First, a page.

NJ Transit unveils rail safety blueprint

Posted on February 9, 2012

New Jersey Department of Transportation (NJDOT) officials announced  a range of initiatives designed for quick implementation to promote safety and reduce accidental deaths along the state’s busy railroad tracks.

The announcement caps three months of work by a Safety Along Railroads Leadership Oversight Committee and its three subcommittees that were formed in the wake of two incidents in October, 2011. Those incidents, in Wayne on October 2  and in Garfield on October 3, claimed the lives of three teenagers and injured a fourth.

The report released today, which builds on a solid foundation of existing New Jersey Transit (NJ Transit) safety programs, represents the work of dozens of federal and state officials and other stakeholders. They explored options and developed an action plan that has been endorsed by NJDOT and NJ Transit.

Recommendations contained in the report primarily revolve around three complimentary safety spheres: engineering, education and enforcement.  Twelve high-priority action items are proposed to be carried out or at least started within a year or, in some cases, much sooner. 

The report also lists a dozen safety efforts that NJ Transit has started or committed to since the formation of the oversight committee in November.

Engineering action items
Among engineering action items is a commitment to launch a pilot program to evaluate the effectiveness of gate skirts and “Second Train Coming” warning signs.

Gate skirts create a barrier below an activated grade-crossing gate to deter pedestrians from ducking under. “Second Train Coming” signs are designed to provide an additional warning to pedestrians to remain behind gates even after the one train they may be aware of has left the station. This pilot program will be carried out by the Volpe National Transportation Systems Center under an agreement with the Federal Railroad Administration.

NJDOT and NJ Transit will deploy Dynamic Message Signs, rotating them among high-risk grade-crossing locations, to remind pedestrians of the importance of obeying warning and safety devices.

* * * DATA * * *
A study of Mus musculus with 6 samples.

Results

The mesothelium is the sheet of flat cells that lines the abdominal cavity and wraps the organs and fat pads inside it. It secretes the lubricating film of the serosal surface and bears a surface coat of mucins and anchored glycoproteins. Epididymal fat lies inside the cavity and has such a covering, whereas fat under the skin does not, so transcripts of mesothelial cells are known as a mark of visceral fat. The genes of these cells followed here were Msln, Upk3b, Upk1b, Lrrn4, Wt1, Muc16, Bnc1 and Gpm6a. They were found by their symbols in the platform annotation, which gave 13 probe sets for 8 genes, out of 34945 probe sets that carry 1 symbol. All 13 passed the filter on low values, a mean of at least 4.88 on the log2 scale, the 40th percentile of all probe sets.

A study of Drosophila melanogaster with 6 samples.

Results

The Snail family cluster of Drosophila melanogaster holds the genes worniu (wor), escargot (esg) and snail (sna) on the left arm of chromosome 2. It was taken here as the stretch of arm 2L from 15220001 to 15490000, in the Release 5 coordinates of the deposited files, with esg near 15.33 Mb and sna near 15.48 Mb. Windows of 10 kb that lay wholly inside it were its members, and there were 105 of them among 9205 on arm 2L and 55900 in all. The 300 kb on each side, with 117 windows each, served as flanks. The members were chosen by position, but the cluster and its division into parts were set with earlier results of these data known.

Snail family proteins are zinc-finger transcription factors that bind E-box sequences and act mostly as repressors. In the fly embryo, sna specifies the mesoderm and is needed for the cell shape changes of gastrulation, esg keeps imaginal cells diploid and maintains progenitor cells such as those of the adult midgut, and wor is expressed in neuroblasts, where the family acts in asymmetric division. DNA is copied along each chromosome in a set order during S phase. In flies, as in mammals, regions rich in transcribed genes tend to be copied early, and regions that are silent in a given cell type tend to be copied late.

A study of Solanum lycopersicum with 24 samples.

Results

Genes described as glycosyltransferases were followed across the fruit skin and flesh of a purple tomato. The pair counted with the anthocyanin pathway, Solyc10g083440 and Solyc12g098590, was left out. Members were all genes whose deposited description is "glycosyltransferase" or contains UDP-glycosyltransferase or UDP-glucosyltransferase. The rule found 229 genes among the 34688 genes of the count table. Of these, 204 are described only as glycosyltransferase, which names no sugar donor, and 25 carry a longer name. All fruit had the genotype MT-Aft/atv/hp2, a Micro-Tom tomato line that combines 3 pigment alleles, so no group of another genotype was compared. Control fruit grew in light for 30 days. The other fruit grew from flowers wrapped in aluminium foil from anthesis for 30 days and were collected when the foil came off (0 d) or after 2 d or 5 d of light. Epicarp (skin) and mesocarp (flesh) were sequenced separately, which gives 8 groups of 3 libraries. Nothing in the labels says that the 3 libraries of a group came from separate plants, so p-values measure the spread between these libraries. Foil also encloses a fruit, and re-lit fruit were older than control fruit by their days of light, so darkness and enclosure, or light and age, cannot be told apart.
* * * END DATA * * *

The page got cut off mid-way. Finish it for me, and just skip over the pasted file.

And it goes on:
The two agencies will also expand the Diagnostic Team program to proactively assess conditions at crossings and stations, in addition to responding to crash incidents.

Education action items
NJ Transit has already begun to re-tool its Rail School Safety Program that it presents to schools and community groups.  The new age-appropriate programs now include compelling accounts from police officers and train engineers who have been involved in or have responded to trespasser-related incidents on the NJ Transit railway system.

To expand the reach of this program and complement the efforts of NJ Transit staff, members of statewide Transportation Management Associations will be trained as presenters of the safety message to school and community groups.

The report also calls for the development and implementation of a public education campaign that includes new Public Service Announcements, the increased use of social media and other virtual and physical formats designed to spread essential safety information to targeted audiences.

NJ Transit will also work with the Motor Vehicle Commission to insert rail and grade-crossing safety information in the driver’s manual and to include at least one rail safety question on driver’s license written tests.

Additional educational and safety signs will be installed at targeted rail stations to provide basic information about laws that prohibit trespassing or ignoring warning devices.

Enforcement action items
NJ Transit police will conduct high-profile enforcement actions at targeted high-risk locations, to enforce the laws that prohibit ducking under crossing gates or other acts to disregard warning devices. Efforts will be made to time these enforcement actions to coincide with Public Service Announcements as a way to amplify the safety message.

The oversight committee consisted of NJDOT Commissioner James Simpson, NJ Transit Executive Director James Weinstein and officials from the Federal Highway Administration, the FRA, NHTSA, New Jersey State Police, New Jersey Department of Education, the New Jersey Motor Vehicles Commission, the New Jersey Division of Highway Traffic Safety, and the NJ Transit Police Department.  Approximately 30 transportation and safety professionals comprised the three subcommittees.